Orange County Sheriff Sandra Hutchens lashed back at a report alleging unhealthy and violent conditions in the county jail system, saying the critique relied on questionable accounts by former inmates and painted an inaccurate picture of jail operations.
Hutchens, who said Tuesday that she won’t seek re-election next year, said she wanted to personally rebut the ACLU report. She said she also wanted to say her retirement decision has nothing to do with probes of the department, including investigations of alleged misuse of informants.
In its 104-page report released hours before Hutchens announced her retirement, the American Civil Liberties Union alleged that deputies often use excessive force against inmates, instigate violent confrontations among prisoners, house inmates in unsanitary conditions and deny inmates adequate health care. The report’s authors called for Hutchens’ immediate resignation and recommended numerous changes at the sheriff’s department, including the creation of an independent civilian commission to review jailhouse complaints.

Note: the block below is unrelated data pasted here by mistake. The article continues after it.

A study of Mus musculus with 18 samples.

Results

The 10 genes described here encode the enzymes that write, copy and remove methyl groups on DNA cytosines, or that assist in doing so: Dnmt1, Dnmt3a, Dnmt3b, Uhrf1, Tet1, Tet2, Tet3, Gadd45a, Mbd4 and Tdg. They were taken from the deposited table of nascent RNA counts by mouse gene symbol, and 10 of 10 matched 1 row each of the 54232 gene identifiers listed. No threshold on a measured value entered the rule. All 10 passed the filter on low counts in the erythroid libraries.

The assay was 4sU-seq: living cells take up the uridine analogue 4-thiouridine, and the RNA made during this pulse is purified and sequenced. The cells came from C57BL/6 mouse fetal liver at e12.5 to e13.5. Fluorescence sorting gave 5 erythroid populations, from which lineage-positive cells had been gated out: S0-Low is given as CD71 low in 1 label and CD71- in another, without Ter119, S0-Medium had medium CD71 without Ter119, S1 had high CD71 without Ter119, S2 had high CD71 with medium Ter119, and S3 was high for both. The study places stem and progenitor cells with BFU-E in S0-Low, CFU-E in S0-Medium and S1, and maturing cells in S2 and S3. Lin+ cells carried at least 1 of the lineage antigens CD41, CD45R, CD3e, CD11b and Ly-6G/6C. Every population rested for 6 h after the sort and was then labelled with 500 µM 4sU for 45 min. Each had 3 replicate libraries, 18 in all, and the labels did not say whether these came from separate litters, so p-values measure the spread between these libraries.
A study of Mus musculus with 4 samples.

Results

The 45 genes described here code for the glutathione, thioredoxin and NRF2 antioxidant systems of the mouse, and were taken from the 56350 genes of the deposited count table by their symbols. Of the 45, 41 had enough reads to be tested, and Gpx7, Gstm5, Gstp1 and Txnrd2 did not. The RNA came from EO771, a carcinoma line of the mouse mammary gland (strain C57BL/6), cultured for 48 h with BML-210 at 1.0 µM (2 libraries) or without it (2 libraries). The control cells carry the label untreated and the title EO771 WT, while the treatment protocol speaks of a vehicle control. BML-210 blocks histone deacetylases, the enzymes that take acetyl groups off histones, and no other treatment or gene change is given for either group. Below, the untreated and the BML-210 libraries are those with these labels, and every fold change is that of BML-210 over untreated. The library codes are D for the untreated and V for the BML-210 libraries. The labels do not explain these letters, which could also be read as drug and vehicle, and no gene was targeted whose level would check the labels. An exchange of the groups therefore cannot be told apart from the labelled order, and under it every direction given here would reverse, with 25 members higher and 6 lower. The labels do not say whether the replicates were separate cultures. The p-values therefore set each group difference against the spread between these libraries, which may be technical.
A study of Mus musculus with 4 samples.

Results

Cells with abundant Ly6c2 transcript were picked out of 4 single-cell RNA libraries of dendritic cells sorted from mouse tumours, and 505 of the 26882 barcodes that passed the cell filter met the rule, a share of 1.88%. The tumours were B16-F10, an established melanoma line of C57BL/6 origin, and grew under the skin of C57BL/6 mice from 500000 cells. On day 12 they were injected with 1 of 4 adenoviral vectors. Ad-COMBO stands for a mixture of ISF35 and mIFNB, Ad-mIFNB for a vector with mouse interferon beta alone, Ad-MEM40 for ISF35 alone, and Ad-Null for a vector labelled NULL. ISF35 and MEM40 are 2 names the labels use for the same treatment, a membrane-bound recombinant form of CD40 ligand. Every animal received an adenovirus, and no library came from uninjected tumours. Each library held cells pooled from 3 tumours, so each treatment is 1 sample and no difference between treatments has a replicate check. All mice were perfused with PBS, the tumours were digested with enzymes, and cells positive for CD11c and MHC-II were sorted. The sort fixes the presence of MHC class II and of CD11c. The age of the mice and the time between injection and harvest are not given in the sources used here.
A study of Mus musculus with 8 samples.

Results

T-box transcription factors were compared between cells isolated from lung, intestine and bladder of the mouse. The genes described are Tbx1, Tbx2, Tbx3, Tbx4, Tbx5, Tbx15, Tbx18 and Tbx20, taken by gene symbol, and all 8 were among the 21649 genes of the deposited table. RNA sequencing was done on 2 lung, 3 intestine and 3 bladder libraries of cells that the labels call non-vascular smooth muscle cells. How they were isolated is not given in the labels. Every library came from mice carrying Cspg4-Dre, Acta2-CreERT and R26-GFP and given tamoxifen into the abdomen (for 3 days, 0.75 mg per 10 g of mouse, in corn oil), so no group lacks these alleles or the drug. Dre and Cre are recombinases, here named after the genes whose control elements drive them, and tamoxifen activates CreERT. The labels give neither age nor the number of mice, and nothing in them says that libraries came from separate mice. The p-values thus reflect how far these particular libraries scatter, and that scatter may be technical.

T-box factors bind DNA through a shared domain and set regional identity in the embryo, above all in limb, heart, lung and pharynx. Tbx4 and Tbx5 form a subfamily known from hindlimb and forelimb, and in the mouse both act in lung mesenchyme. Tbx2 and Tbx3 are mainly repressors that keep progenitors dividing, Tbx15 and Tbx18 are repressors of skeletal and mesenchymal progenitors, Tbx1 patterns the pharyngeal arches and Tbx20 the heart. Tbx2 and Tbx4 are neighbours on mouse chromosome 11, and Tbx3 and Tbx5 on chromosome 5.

But Hutchens, flanked by top jail staff, called the findings “inaccurate or purposely distorted” and issued a point-by-point response to its allegations.
She noted that the jails are routinely inspected by at least four government agencies and said those reviews have generally resulted in positive reports. Inmates have access to numerous round-the-clock medical and mental health services, she said, adding inmates are provided nearly 18,000 healthcare appointments each month. She also said her department already has implemented 107 of the report’s 108 recommendations. The only proposal that hasn’t been implemented is the civilian review commission, she said.